Objective: To evaluate the own-perception of premature ejaculation (PE) patients, the impact of PE on sexual performance and couple’s satisfaction, and treatment expectations.
Methods: An instrument to access the study objectives has been developed. Men with PE aged 18 or more years were recruited until the sample was completed. Chi-square and Fisher’s exact tests have checked the associations between PE and categorical variables. Student’s t-test has compared the continue variables means. P values £0.05 have been considered statistically significant.
Results: The sample comprised 32 subjects, 53.1% with Lifelong PE (LPE) and 46.9% with acquired PE (APE) for them, PE is characterized by: lack of control (100.0% of those with LPE 70.6% of those with APE), short intravaginal latency time (66.7% and 52.9%) and concern in satisfying the partner (33.3% and 64.7%). The following issues impact the patient’s quality of life: lack of control over ejaculation for 100.0% of those with LPE and 94.2% of those with APE (p = 0.53) short intravaginal latency time 93.4% and 88.2% (p=0.63) personal distress 86.7% and 94.1% (p= 0.45) dissatisfaction with sexual intercourse 86.7% and 76.5% (p=0.76) partner’s dissatisfaction 86.7% and 88.2% (p=0.99). Medication associated with psychotherapy was the preferred treatment for 40.0% (LPE) and 35.3% (APE). More control over ejaculation, intravaginal latency time and partner’s satisfaction are the main treatment expectations.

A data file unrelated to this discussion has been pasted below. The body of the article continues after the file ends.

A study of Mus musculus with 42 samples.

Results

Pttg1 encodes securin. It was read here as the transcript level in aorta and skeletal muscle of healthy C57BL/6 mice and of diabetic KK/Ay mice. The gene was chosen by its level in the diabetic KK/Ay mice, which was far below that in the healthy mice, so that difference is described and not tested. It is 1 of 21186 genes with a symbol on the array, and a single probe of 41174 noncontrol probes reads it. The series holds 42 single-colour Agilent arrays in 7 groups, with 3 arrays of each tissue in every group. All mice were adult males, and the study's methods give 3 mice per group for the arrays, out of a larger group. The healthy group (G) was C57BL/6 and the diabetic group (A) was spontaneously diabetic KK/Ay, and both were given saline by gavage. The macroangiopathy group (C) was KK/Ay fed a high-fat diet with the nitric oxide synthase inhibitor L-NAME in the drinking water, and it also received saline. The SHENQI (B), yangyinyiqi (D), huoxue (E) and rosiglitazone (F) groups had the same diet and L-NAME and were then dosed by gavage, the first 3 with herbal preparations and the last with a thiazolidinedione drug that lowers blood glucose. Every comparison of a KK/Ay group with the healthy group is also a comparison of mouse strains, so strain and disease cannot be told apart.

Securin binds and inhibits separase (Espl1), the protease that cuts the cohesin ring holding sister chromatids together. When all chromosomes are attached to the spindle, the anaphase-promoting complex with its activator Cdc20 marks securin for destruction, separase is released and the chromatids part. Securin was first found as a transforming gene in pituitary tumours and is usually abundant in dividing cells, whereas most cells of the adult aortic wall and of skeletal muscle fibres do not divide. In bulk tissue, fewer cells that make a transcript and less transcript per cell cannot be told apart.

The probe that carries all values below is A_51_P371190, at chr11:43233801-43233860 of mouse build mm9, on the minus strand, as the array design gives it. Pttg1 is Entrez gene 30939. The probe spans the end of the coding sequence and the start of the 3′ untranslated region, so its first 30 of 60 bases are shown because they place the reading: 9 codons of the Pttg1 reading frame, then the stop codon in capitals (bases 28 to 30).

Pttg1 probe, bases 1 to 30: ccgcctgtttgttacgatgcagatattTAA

Conclusion: For LPE patients, control and intravaginal latency time are the most important PE characteristics, while for those experiencing APE, control and partner’ssatisfaction are more important. Both groups prefer the combined treatment (medication and psychotherapy), although this preference is not a consensus.